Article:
MILLHEIM — While other kids his age were tuning into cartoons, Kevin Gordon tuned to music, an experience that enthralled the youngster and set him dancing.
It was not an uncommon sight to spot the pajama-clad Gordon dancing next to the stereo console when his parents threw a party and would spin Jerry Lee Lewis and Ray Charles records.
Music made him happy.
Today, the Nashville resident continues to be enthralled with music but now the crooner, often called the singing poet laureate of the south, enjoys making other people happy with his trademark rock n’ roll that’s seasoned with a heavy dose of rhythm to give it such a kick even Ray Charles would approve.
How good is his music?
Not only is Rolling Stone’s rocker Keith Richards a fan, he also recorded one of Gordon’s original tunes.
On Saturday, Gordon, along with two other music makers, will descend upon the Elk Creek Café in Millheim for a night of songs and suds.
“There’s no slight-of-hand, smoke-and-mirrors, card tricks, or mud wrestling. It’s just about the music. An unpretentious, energetic delivery of my songs,” Gordon said. “We have fun. Folks who come out to the shows tend to dance.”
Although the guitar is his musical weapon of choice, Gordon became high stung with the stringed instrument when the 18-year-old joined a punk rock band and started performing publicly. In 1988 he started performing professionally.
Over the years his music evolved from the crude punker style to that of a talented musician with a passion for words and song.
“Being someone who doesn’t pay much heed to categories, it’s always been hard to me to sum up my music in a nice, tight, elevator-pitch sort of way,” he said. “That said, I suppose what I’m doing is roots-based rock and roll, heavily rhythmic music, influenced by John Lee Hooker, Chuck Berry, et al., with a lot of attention paid to lyric content.”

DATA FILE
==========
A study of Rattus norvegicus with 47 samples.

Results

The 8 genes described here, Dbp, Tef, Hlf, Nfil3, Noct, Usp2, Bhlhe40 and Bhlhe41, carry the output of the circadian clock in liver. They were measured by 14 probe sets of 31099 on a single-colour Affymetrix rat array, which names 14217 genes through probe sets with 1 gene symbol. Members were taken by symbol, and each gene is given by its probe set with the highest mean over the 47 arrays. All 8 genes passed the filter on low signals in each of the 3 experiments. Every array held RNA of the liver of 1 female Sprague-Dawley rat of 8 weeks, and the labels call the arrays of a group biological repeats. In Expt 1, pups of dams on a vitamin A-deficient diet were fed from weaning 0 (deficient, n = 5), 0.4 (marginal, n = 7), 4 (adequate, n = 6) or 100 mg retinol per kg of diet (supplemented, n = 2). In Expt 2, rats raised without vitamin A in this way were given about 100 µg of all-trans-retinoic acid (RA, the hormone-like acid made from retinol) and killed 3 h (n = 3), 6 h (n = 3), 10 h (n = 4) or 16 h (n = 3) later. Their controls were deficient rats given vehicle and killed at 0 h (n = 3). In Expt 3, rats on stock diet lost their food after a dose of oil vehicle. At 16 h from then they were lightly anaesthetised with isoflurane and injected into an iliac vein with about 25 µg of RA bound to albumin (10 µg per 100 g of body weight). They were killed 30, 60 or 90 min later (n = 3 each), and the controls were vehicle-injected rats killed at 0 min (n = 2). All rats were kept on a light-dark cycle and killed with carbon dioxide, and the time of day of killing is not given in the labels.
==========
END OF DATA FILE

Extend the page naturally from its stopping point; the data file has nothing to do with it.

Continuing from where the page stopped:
And the lyrical content is where the crooner earned the moniker of a singing poet laureate since his original music weaves together lyrics that echo of life’s good times and times that were not so good.
His music has the raw power to connect individuals while at other times get them dancing,
“Since I’m a songwriter, live shows are primarily made up of my own material, though occasionally during a longer show I’ll throw a cover in, usually by a bedrock influence, like Slim Harpo, Hank Williams, or Tom Waits,” he said.
So what’s it like for this humble music maker to have one of his original tunes recorded by some of rock and roll’s most iconic musicians? Gordon is still trying to fathom the idea.
“Having my songs recorded by musicians like Keith Richards of the Rolling Stones, Levon Helm of The Band, and others, is still slightly unbelievable,” he said. “I’ve never had a hit, but the artists who’ve covered my songs are artists I hold a lot of reverence for, like Irma Thomas, Ronnie Hawkins, Southside Johnny & the Asbury Jukes, and others.”
In addition to penning songs for noted players, life as a traveling musician provides a wealth of material for Gordon’s original songs in addition to experience some great and not so great experiences of making a living from music.
“I had a great show with my band recently at the New Orleans Jazz & Heritage Festival, which is always a fine time, and being a Louisiana native, it’s always an honor to play that festival,” he said. “The downside of this, well, usually things go well on the road but there is the occasional crisis: I had my band vehicle stolen once, had food poisoning, flight delay and equipment failure.”
Gordon is expecting smooth sailing as he heads to Elk Creek this weekend for a show that will showcase his music stories that serve as a snapshot into his life and personal experiences that are both good and bad.
“My songs are often very personal — written about real people I know or knew. That alone creates an individual context, I hope. I think the music overall is an accessible hybrid: smart, but roadhouse friendly. I like that I can play the same songs in a rock club, or at a house concert.”